It may seem odd to people who have lives completely integrated with Google’s services, but many do not like how invasive Google is.
There is something creepy about getting a notification on your phone about where you are and recommendations about what to do. Google will argue their goal is to make your life easier, but having your location tracked and your searches logged is truly an invasion of privacy. Google is not unlike Apple and Microsoft with offering an “ecosystem” for you to operate in. However, these ecosystems are onerous and frankly, invasive.
We should not sound completely down on Google – they offer a lot of great services, but the convenience is marred by the omnipresence. Having Google in your life as an ecosystem means you are beholden to their data policies. Google knows what you’re doing, where you’re doing it, and in some cases who you are doing it with. That’s too much for many people. There are plenty of alternatives to Google and one positive thing to say about the company, they make it pretty easy to leave their ecosystem. Here’s how to do it.
Unlinking Google and Archiving Data
The first thing you must do is check out which apps you sign in with via Google. Whether it is something like Facebook, Spotify, Instagram, Blogger, or so many others, you have gotten used to the convenience of clicking your Google sign-in to get access. On these apps, change your e-mail address to a non-Google entity, and this will eliminate the signing in issues. If you can’t, then what you need to do is strip the data from the Google Account. That said, it is fairly simple to find a new address if you don’t have one already.
As for your data, it is really simple as well. Google keeps your data in one spot, so you won’t need to go app-by-app removing it. Just go to https://takeout.google.com/settings/takeout/download. You will be prompted to create a new archive. Select the data you want and follow the instructions to create your archive, and there it will be waiting for you.
Find Alternatives to Gmail, Drive, and Other Apps
There are actually lots of alternatives to Google and their other apps. You can go a search on a search engine that doesn’t log your information – such as DuckDuckGo to find ideas, but there are some great services that combine Gmail and Drive but keep your privacy at the forefront of what they do. Here are some ideas:
- Kolab Now: This is a doc and e-mail service that is deal for someone used to Google but wishing to have privacy. Since all of the servers are located in Switzerland, this means you have the best privacy in the world because the Swiss privacy protections are notoriously very strict. The only downside is there is a monthly subscription fee, but it is not too onerous.
- Mailfence: This is very similar to Kolab, but its servers are located in Belgium. The good news is that this service while very similar to use as Kolab and Google is also cheaper than Kolab. It has good privacy, but it is not Swiss privacy.
- Zoho Mail: This service has a ton of apps that basically acts similarly to the Google suite of services. You can do two different payment plans, but basically the Zoho Mail suite is something that will do everything from e-mail to all office functions.
This one can be tricky because the things that make YouTube great are the things that also make it invasive. However, there are some ways to get around these issues. The first thing to do is move your data to an RSS reader. This will keep track of videos without Google keeping track of you. One of the other issues, though, is that YouTube has lots of uploading capability. But you don’t want to deal with Google, so uploading is out of the question. Therefore, an idea is Vimeo. It is a paid service, but it will give you what you need. For steaming you can do Periscope as well. This is an easy way to get your content out there. If you are watching shows via YouTube, check out other streaming services.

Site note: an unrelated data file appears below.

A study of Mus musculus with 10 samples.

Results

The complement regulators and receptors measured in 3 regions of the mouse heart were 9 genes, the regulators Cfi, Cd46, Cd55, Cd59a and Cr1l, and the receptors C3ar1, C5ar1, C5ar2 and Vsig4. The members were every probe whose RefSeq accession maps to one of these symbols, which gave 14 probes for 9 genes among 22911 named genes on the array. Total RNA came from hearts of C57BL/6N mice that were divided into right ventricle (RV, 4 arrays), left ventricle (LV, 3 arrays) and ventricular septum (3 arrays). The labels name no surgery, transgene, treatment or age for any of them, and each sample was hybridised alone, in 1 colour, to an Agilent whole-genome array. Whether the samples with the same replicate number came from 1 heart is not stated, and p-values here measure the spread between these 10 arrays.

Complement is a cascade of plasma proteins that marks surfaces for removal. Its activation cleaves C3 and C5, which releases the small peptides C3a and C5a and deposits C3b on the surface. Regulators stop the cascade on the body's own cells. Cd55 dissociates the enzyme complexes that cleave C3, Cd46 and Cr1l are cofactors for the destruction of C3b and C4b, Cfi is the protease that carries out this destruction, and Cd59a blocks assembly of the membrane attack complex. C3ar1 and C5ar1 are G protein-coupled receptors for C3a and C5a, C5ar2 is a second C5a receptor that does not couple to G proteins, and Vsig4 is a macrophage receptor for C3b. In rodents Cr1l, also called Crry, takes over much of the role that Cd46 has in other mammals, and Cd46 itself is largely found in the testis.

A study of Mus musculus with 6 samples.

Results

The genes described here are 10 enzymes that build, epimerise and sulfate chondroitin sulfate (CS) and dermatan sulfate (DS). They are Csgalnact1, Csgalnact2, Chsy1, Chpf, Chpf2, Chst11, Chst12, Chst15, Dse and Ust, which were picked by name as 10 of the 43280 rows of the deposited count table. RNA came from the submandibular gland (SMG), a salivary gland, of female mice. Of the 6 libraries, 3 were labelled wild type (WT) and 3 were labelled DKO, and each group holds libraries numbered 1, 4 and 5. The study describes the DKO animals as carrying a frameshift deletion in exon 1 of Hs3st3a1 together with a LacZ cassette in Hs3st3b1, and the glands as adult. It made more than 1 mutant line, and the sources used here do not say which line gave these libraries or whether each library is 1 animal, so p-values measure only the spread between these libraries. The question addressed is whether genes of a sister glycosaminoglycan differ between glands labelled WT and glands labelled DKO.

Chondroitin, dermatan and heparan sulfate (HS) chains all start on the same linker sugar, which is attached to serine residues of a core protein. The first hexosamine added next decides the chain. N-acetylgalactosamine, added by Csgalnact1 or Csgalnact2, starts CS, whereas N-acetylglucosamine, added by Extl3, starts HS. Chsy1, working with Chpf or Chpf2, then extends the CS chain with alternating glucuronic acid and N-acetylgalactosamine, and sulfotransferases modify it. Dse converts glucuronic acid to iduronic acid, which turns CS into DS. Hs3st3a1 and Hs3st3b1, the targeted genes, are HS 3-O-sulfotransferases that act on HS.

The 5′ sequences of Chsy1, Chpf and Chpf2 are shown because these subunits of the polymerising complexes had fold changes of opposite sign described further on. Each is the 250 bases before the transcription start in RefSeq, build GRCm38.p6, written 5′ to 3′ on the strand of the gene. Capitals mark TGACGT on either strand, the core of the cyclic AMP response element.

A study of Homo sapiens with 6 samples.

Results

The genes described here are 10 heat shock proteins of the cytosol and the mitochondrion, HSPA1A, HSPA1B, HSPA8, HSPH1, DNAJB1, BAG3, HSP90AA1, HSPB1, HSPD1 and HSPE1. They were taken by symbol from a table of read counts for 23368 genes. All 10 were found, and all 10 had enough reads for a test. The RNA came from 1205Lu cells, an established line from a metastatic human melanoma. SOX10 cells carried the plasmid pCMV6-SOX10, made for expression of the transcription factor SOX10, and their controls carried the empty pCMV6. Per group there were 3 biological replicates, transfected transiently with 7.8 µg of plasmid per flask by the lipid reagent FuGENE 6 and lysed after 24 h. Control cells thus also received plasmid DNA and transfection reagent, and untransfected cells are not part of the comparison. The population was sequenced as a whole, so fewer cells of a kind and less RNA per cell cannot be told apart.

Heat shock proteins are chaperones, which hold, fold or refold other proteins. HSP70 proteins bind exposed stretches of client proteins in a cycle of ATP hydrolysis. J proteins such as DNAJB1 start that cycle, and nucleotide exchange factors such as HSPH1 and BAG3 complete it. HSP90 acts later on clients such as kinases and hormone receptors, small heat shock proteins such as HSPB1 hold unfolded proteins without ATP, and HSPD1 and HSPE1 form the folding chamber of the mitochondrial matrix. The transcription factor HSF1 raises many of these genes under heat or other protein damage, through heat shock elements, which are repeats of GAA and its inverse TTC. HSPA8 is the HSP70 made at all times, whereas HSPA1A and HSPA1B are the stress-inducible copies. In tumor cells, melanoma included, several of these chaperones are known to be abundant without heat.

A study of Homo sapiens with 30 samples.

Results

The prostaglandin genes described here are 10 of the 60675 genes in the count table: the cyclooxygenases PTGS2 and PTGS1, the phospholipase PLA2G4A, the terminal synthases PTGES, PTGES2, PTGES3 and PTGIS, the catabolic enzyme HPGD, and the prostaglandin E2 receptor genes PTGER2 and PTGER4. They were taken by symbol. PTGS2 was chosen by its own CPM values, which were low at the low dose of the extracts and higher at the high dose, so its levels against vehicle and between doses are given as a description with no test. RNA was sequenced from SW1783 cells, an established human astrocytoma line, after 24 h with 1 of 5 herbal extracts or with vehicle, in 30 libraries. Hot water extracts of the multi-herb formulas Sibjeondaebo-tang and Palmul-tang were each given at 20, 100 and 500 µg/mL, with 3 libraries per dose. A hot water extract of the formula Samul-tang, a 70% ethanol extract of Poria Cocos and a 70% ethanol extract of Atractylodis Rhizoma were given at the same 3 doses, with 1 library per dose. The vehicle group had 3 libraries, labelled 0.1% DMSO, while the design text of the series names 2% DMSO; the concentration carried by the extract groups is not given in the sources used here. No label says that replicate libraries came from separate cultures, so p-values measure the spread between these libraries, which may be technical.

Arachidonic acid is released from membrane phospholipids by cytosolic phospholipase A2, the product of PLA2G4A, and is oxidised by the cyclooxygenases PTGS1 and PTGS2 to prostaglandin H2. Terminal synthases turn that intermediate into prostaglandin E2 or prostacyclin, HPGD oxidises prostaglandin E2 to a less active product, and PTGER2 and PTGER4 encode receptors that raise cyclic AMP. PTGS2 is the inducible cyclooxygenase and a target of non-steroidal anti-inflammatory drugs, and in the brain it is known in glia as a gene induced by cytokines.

Fixing your Music and Podcasts
The first thing you must do when getting rid of this part of your Google footprint is downloading your library. This is the way you won’t lose any songs. There are plenty of services for steaming music you can go to such as Pandora or Spotify – just make sure with Spotify you are not signing in with your Google account. As for your podcasts, there are plenty of services out there as well. One idea is getting podcasts directly from the source, such as the ESPN app for your favorite ESPN podcasts, for example.
As you are getting rid of Google all your passwords for the different services may be stored through their password manager. The process of finding a new password is pretty easy. The key is making sure the password manager is keeping things encrypted and that the encryption is at least 128-bit encryption. There are plenty of good services out there which will manage your passwords as easy as Google did. Make sure you keep your password manager updated and you are able to access it – some new services may not be so forgiving if you try logging in with the wrong credentials.
Deleting Your Google Account
At this point, you have reached the very end. All things are settled and now comes the time where you can permanently disengage from Google. Before deleting, make sure all of your data is saved – once you delete everything is gone forever. Go into your Google Account and select the option for deleting your account. You’ll be warned about your data, but if you have backed it up you can hit the delete button. There is also the half-measure of turning off pretty much every tracking service, so Google does not know what you are doing, and this essentially makes your account dormant. Either way, once you have done these two things, Google is out of your life.